As a type 1 diabetic, it is important to do all you can to keep your blood sugar levels in a healthy range in order to maintain your health. Part of this therapy is continual monitoring of your blood sugar levels and the right amount of insulin to counteract the sugar and carbohydrates in your diet. An insulin pump to subcutaneously deliver insulin for your needs and a continual glucose monitor to track your blood sugars throughout the day are both great tools to help you manage your diabetes. Here are some information and tips to help you successfully use this medical equipment to improve your health and lifestyle.
Follow the Device Instructions
It is important that you properly use your insulin pump to make sure it delivers the right amount of insulin. When you first started using the device, you should have received instructions and training from a medical professional to help you get started and to handle common troubleshooting. It is a good idea to refer to the instruction manual when you begin using the insulin pump on your own for the first little while until you can learn how to refill and calibrate the pump easily.
Make sure you follow the proper steps to refill the insulin reservoir inside the and replace the infusion tubing to ensure regular deliver of insulin. Because you rely on insulin for a healthy blood sugar regulation, this can cause your blood sugar level to rise to a dangerous level.
Also take care to calibrate the continuous glucose monitor (CGM) on your insulin pump in a regular manner to help ensure the blood glucose readings on the meter and delivery of the insulin to you remain accurate. Using a CGM can help prevent you from having severe low blood sugar levels and can help manage your A1C. In fact, a recent two-year study found that diabetics using a CGM were able to lower their A1C from 8.3 percent to 7.1 percent.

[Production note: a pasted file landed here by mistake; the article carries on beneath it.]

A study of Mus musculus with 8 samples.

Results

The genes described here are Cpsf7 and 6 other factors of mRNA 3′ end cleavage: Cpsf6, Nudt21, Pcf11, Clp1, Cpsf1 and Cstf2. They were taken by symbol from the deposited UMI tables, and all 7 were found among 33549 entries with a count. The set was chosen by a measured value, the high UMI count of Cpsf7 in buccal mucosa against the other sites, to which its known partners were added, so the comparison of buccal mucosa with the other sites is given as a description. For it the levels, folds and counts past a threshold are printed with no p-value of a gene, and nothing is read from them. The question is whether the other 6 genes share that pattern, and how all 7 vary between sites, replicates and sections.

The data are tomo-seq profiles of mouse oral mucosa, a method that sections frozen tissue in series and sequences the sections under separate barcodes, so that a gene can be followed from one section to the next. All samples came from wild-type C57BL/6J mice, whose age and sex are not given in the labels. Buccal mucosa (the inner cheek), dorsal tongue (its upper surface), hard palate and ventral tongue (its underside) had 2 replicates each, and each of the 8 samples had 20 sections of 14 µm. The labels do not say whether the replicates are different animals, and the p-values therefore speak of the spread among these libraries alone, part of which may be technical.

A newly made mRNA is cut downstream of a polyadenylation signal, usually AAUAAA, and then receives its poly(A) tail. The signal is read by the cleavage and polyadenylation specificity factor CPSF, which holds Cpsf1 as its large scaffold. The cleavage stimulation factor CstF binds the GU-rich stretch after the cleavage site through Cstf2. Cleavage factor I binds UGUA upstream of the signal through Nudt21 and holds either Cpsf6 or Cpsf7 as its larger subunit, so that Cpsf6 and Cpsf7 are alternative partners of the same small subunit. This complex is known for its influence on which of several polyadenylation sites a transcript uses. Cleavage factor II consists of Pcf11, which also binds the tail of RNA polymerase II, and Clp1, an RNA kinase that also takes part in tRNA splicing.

Protect Yourself From Infection
Keeping yourself safe from infection is an important part of using your insulin pump and CGM. Each time you insert new tubing under your skin or take a finger stick to calibrate your CGM, for example, you take the risk of allowing bacteria to enter into your body. Be sure to follow the instructions to replace your tubing and catheter on the insertion site for your pump and never reuse equipment.
Thoroughly clean the site before breaking your skin. Use a clean alcohol swab to clean the site in a circular manner, starting in the center and working your way outward on the site. To help the site air dry, do not blow on it, as this can place new bacteria onto the site. If you want to help the site dry more quickly, fan it lightly with the replacement equipment's clean packaging.
Repair and Replace the Device When Necessary
There may come a time when your insulin pump and CGM may malfunction due to its age or damage from an external force. In a situation as this, your device's warranty should cover its repair and replacement. Contact a company like Ultimate Biomedical Solutions that offers medical equipment maintenance to get information about having it replaced or repaired.
Your diabetes management device manufacturer will do all they can to help you keep managing your diabetes during an interruption of your device's performance. Ask them about a temporary replacement device while yours is being repaired or quick shipping on your replacement device. They will also make sure you have plenty of insulin for your needs to inject manually to keep your blood sugar levels properly managed until you can resume your insulin pump infusion therapy.